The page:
The 30th of June 2013 marked the 150th anniversary of Henry Ford’s birth, an iconic inventor whose ideas completely revolutionised the transportation world and allowed the masses, the ordinary, the ‘average Joe’ to become mobile.
While other motor designers and manufacturers were focussing on the production of luxury cars for the richer and the few, Ford designed a car that most people could afford- the first of which being the classic Model T that came to the public eye in 1908.
The state where the Ford Motor Company is based, Michigan, proclaimed it “Henry Ford Day” while in Washington DC, hundreds of supporters met on Capitol Hill to enjoy a commemorative banquet of desserts that were delivered by a food truck- surely something that Ford would have approved of himself. But these were just surface celebrations for what will be a year full of memorable events.
The other ways his work is being celebrated include:
* Dealers in 21 Asia Pacific markets launched ‘Ford Heritage’ month, where they transformed showrooms into Henry Ford exhibitions for the public to enjoy.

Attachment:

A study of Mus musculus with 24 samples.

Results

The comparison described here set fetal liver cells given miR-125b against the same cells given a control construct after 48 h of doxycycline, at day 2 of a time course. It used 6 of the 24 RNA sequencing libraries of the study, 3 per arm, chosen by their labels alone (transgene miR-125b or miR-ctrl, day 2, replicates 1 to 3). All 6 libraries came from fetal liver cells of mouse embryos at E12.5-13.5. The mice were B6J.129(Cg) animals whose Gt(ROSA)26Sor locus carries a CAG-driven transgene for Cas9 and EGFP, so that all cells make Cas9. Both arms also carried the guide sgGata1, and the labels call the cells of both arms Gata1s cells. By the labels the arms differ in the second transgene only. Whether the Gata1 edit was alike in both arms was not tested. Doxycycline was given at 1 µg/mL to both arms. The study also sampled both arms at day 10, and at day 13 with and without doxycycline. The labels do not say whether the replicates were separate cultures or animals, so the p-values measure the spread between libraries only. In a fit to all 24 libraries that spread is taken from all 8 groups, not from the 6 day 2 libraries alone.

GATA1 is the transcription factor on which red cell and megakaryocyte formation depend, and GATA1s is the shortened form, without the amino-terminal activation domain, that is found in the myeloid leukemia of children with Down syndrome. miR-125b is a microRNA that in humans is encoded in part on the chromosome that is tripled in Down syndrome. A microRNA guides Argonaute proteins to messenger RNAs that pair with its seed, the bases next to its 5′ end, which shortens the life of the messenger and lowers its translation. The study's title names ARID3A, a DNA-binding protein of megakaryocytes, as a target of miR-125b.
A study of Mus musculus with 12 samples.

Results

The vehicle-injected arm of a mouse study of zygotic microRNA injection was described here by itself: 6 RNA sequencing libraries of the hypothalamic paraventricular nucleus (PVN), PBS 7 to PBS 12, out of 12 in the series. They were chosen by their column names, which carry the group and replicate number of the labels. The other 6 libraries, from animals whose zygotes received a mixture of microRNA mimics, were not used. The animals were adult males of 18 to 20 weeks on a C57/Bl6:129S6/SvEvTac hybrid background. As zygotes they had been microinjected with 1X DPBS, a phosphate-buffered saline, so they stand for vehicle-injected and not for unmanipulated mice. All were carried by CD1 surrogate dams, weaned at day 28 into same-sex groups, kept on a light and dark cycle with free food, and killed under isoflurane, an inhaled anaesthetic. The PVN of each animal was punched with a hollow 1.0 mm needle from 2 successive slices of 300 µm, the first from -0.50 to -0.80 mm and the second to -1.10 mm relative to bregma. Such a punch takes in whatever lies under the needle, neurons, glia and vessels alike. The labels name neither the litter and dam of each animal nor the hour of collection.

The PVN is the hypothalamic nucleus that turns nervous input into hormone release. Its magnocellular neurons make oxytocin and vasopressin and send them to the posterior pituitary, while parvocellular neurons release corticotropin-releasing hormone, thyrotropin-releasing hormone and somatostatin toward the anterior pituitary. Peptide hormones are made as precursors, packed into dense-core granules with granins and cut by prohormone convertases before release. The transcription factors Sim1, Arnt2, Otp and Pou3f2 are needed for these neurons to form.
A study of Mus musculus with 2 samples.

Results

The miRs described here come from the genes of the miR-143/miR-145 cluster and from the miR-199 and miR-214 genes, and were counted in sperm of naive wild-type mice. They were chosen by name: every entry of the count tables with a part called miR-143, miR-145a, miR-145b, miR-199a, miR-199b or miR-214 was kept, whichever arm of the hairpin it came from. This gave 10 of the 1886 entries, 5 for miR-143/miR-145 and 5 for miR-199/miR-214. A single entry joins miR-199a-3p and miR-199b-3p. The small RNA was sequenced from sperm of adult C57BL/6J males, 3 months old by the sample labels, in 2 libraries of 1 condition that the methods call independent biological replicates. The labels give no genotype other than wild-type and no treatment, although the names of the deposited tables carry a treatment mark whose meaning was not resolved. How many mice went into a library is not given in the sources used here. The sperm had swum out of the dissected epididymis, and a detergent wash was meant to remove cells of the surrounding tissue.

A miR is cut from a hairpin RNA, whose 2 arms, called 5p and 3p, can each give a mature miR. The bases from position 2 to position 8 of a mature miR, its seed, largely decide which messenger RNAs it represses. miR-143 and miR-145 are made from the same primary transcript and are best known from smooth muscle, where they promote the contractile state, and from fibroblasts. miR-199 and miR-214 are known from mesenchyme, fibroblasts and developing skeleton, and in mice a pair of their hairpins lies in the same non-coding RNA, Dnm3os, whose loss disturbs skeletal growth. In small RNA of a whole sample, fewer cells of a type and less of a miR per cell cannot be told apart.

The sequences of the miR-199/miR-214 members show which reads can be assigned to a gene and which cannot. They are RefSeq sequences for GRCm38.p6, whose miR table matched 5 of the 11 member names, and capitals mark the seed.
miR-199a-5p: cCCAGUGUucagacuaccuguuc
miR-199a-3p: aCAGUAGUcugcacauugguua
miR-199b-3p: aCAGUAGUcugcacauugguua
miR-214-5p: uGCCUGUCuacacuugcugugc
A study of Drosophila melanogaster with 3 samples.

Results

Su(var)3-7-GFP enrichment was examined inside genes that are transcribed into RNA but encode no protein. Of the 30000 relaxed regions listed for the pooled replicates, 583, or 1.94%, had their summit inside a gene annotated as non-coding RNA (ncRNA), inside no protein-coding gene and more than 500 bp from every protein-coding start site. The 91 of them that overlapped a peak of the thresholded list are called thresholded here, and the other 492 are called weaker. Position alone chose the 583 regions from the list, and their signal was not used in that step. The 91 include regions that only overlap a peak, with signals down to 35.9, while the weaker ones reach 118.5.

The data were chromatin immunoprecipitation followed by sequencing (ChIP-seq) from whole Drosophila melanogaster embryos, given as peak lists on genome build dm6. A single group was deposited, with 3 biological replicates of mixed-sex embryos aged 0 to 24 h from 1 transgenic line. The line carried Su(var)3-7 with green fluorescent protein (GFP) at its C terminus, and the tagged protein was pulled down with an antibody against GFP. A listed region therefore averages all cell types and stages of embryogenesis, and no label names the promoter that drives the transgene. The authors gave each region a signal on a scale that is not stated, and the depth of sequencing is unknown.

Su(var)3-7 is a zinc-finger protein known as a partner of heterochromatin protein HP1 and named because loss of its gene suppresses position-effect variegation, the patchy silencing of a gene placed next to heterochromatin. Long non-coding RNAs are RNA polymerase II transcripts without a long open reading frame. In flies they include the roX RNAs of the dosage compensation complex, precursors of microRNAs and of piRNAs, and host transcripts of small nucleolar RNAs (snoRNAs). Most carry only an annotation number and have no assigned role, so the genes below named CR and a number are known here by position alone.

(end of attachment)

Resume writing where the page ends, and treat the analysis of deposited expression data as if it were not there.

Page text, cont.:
* Ford of Germany held a series of five road rallies to celebrate the last 110 years of manufacturing.
* More than 4000 members of the public attended ‘Ford Community events’ in Romania.
* In the UK a large restored statue of Henry Ford was unveiled in his honour by the company’s UK Tech Centre.
Continued planning has gone into more celebration ideas that will be coming to light in the next few months in the US and South America too.
Henry Ford’s introduction of the affordable automobile can be easily overlooked considering how far we have advanced in terms of technology, accessibility and use of cars today. But that introduction did truly revolutionise the way the US developed. The US at the time was a large agricultural economy but after the masses could transport from one place to another easily, it became an industrial and urban market.
Some historians even accredit Ford with creating the middle class in the US, allowing for the middle-wage earners to enjoy the wonders of travel and transport to work and leisure, all the while setting a precedent to influence the working industry today by doubling the minim wage in his factory.
The first breakthrough was the Model T, produced in 1908 but was still slow t0 produce. Only 15 were sold and were driving on the roads that year. In 1913, however, the first moving assembly line was used that reduced the Model T production time from 12.5 to 1.5 ‘man’ hours, the rest is history they say.
Bill Ford commented: “My great-grandfather’s vision was to improve people’s lives by making cars affordable for the average family”.